Inverse levelling theory
One of the things that a gamer will have probably encountered, is the concept of character advancement in a roleplay game.
There's a variety of systems, but generally speaking, the character has a 'stats' block - things which reflect attributes of them, such as wisdom, intelligence, strength, constitution, that kind of thing.
And - depending on exactly which system - a selection of skills or abilities.

These things increase as you level up, and usually 'stats' are harder to improve - D&D (3rd at least) gave you several skillpoints per level (how many you got, proportionate to your class), a 'feat' every 3 levels, and an attribute point every 4 levels.

But it's something you can actually turn on it's head, as you go through life - instead of level, substitute 'year'. It's not a linear sort of a thing though, as clearly - some 'classes' earn you experience points faster than others. So in some paths you'll gain several 'levels' per year, and some you'll gain considerably less.

Attribute points ... you also don't get for free. Particularly strength, dexterity and constitution - you need to spend serious amounts of time 'training' your strength. Intelligence, Wisdom and Charisma can similarly be trained, or supplemented with skills relevant to what they are.

But it's not really a bad way to view your career - what levels have you gained? A few in 'student' maybe, with class features of 'writing essays' 'partying' 'sitting exams'.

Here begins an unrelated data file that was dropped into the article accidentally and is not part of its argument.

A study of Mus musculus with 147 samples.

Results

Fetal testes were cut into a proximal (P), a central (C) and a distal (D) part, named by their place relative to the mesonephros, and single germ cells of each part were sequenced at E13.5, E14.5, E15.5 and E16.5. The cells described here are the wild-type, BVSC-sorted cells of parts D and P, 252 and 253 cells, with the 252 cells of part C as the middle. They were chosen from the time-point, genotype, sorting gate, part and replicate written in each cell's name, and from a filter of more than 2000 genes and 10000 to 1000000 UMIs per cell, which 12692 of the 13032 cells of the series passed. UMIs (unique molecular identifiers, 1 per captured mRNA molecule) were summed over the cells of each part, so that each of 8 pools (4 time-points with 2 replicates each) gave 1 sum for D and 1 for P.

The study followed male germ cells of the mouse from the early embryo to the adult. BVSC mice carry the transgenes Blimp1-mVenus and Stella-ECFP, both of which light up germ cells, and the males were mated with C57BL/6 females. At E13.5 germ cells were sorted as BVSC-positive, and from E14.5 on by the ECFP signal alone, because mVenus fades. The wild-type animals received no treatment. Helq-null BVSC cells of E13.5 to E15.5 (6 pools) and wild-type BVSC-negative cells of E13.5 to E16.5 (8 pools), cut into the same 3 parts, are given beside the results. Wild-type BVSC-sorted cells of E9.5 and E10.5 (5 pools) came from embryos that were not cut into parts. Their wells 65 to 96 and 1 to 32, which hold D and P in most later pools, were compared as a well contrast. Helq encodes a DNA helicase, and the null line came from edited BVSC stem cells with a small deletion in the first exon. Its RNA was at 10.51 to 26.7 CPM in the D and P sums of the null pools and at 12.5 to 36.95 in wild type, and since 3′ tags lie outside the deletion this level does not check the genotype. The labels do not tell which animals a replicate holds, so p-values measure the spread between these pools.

Perhaps a few levels of 'office worker' including useful skill such as 'use photocopier' and 'interact-with-helpdesk'?

See where I'm going? Low level 'mundane' skills have a value, but ... aren't really particularly valuable for our long term character sheet. Some skills are valuable, but indirectly - training my strength up, as I'm levelling in 'IT professional' has some value, but isn't going to directly enhance that side of things - but if I were to take up, say, combat training, it might.

I guess what I'm trying to say is that as well as 'just get a job' there's the secondary aspect of character advancement to think of. Spending a couple of years accumulating wealth (or not) isn't a bad thing exactly, but bear in mind that the rest of the 'party' might be a few levels ahead by then...

(Oh, and I wish it was as easy to train attribute points as it is in D&D. Going to the gym daily for ... a good fraction of year, seems to have pretty much worn off again, after a couple of months slacking).